America has a functional illiteracy rate of 22%. This means that over 44 million American adults cannot do anything more complex than make out certain letters, or spell their name. They cannot read anything even as complex as a restaurant menu, or street signs. And don’t even consider being able to read a note from their kid’s teachers or a job application form.

In contrast, Vietnam, a county still considered ‘developing’, has a functional illiteracy rate of 6.7%.

WTF? How, in this country, in the 21st century, can we allow this to happen? And how can we reverse the trend?

Growing up, there is a stigma attached to reading, for boys anyway. If a guy wants to stay in class, and doesn’t want to skip, he is open to ridicule, at least from some. It isn’t considered cool to get an education, and the temptation to be out earning cash is seen as far more enticing than sitting in a classroom. In Vietnam though, education is valued, and it is treated with respect, because it is the only way to get ahead.

Reducing the stigma associated with reading needs to be done before kids get to school, and ultimately rests on the parents. If you wait until your child has already fallen so far behind the rest of the class, then the temptation to drop out and do something they can do easily is too strong. But if the importance of reading is instilled in childhood, then school will be easier, and dropping out will not be a first port of call to deal with struggling to keep up with others in the class. Parents need to treat education with the same value that it is treated with in Vietnam, by reading to and with their children and making it completely unacceptable to cut class or drop out at the first possible chance.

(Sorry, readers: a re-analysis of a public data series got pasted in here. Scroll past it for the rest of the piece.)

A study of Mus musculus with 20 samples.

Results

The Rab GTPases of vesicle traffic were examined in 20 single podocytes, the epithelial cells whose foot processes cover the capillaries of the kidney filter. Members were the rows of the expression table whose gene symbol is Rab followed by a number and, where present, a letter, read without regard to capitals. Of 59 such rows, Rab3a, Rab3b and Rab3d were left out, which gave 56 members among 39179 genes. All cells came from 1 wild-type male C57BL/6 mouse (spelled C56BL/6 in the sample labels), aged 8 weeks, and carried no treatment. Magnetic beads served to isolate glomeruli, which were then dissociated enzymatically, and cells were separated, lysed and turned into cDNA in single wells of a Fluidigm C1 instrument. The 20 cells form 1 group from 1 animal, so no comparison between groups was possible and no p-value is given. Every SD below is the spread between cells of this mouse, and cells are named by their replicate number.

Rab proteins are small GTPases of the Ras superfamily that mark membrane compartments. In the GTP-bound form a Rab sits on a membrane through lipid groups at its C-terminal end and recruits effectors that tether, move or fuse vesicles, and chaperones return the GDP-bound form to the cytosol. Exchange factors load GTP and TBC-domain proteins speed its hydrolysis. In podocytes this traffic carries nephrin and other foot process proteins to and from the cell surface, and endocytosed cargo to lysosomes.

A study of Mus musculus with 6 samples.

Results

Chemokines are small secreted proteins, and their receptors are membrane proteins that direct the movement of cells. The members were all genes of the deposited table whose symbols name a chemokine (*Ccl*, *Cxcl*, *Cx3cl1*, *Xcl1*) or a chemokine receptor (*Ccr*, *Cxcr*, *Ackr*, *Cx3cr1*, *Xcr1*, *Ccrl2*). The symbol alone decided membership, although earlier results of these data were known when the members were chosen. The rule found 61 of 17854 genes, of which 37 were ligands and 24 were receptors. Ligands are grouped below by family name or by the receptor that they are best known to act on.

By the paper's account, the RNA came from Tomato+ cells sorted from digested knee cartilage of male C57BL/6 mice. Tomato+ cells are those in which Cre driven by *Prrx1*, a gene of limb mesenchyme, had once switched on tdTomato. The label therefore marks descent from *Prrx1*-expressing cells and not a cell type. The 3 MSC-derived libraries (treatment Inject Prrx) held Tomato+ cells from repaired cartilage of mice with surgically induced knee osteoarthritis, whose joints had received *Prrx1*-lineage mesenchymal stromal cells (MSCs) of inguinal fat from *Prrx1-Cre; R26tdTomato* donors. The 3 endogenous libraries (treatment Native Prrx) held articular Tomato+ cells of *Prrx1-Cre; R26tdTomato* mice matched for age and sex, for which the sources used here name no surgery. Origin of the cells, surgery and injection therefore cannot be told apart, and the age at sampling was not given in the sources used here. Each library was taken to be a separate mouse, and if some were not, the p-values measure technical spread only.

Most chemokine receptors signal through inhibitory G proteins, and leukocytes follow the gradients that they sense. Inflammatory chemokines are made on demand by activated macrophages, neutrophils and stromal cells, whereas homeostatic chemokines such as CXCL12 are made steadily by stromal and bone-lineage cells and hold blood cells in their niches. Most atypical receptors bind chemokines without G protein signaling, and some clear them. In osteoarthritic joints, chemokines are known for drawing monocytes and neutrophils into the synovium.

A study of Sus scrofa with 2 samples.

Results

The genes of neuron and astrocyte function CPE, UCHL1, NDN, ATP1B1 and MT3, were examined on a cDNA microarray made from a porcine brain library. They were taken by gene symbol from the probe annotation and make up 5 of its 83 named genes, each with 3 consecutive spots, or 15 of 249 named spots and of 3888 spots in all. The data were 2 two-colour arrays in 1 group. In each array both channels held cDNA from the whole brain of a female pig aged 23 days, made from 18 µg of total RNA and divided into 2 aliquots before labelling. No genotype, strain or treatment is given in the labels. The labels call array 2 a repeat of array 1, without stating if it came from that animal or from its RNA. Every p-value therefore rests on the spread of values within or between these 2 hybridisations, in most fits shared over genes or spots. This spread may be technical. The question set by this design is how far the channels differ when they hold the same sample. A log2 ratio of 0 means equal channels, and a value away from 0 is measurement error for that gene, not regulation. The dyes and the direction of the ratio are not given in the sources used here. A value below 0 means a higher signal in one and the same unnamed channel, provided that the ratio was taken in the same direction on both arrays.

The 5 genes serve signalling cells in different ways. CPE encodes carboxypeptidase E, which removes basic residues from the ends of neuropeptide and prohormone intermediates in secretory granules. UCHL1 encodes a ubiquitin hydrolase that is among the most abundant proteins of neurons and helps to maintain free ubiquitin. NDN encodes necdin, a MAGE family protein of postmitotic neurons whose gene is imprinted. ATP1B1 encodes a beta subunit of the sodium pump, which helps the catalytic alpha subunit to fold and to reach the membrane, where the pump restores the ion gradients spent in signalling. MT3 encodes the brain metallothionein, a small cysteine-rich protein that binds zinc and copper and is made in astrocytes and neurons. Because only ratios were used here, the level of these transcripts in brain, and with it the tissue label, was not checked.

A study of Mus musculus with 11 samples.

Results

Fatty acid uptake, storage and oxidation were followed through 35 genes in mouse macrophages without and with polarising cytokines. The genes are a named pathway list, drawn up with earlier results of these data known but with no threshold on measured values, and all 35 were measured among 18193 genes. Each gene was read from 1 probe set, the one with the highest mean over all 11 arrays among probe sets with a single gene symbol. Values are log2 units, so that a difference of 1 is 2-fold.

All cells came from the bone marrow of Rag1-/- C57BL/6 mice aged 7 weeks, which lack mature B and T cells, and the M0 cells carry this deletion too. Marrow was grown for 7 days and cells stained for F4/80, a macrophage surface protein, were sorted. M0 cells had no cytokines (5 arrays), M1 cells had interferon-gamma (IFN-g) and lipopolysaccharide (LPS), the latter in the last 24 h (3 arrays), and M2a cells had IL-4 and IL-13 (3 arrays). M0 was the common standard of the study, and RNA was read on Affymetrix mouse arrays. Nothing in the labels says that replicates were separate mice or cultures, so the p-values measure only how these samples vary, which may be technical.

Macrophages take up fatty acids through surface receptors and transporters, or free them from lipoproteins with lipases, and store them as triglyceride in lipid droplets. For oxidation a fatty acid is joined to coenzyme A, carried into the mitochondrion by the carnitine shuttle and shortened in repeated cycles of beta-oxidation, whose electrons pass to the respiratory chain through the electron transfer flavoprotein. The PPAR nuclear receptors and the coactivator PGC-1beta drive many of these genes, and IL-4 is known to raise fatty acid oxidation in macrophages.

Changing attitudes to reading can help to drastically change the picture of functional illiteracy in the future. In Washington D.C currently, almost one third of adults, are illiterate. However, only 8% of these people, are seeking help. Victoria Beckham even once (at the height of Spice Girls fame, when she was a role model for millions of pre-teen girls), boasted about never having read a book in her life. How has that become something to be proud of, or even admitted to?  To reduce the stigma for kids that is associated with reading, and not being able to read for adults, it needs to be more socially acceptable to seek help with reading in adulthood and adults need to set a better example for their kids, by making reading a part of life. Perhaps then, future generations will not have to make it to adulthood without being able to read.

Not being able to read though has more tangible consequences than embarrassment, or ridicule. It (obviously) drastically reduces employability and earning potential. 3 quarters of people who rely on welfare, cannot read above a fourth grade level.  Workers with a high school diploma or less are much less likely than people with post graduate education, to have sufficient retirement savings and are much more likely to live in poverty than those who have achieved a postgraduate qualification. According to the United States Department of Education, 60% of prison inmates are functionally illiterate as are over 85% of juvenile inmates. Almost half of these juvenile inmates lived in poverty. The link to breaking the cycle of poverty and crime, is education. But how?l

Spending on public schools has more than doubled in the last 15 years, but the rate of illiteracy has barely changed, and is actually increasing by 2.2 million every year. Clearly, the system isn’t working. Only 30 American states even require high school graduates to be able read at an eighth grade level. How is anyone expected to go onto a postgrad education if they have gone all the way through school without being able to read sufficiently? How did nobody notice that they couldn’t read, when almost 20% of students can be classified as functionally illiterate by the time they graduate?

It is shocking to think that so many people can slip through the cracks and we need to make some drastic changes, both in society as a whole, and within families, to try and reverse the trend. To steal from Will.i.Am at the Super Bowl, ‘Obama, let’s get these kids educated’.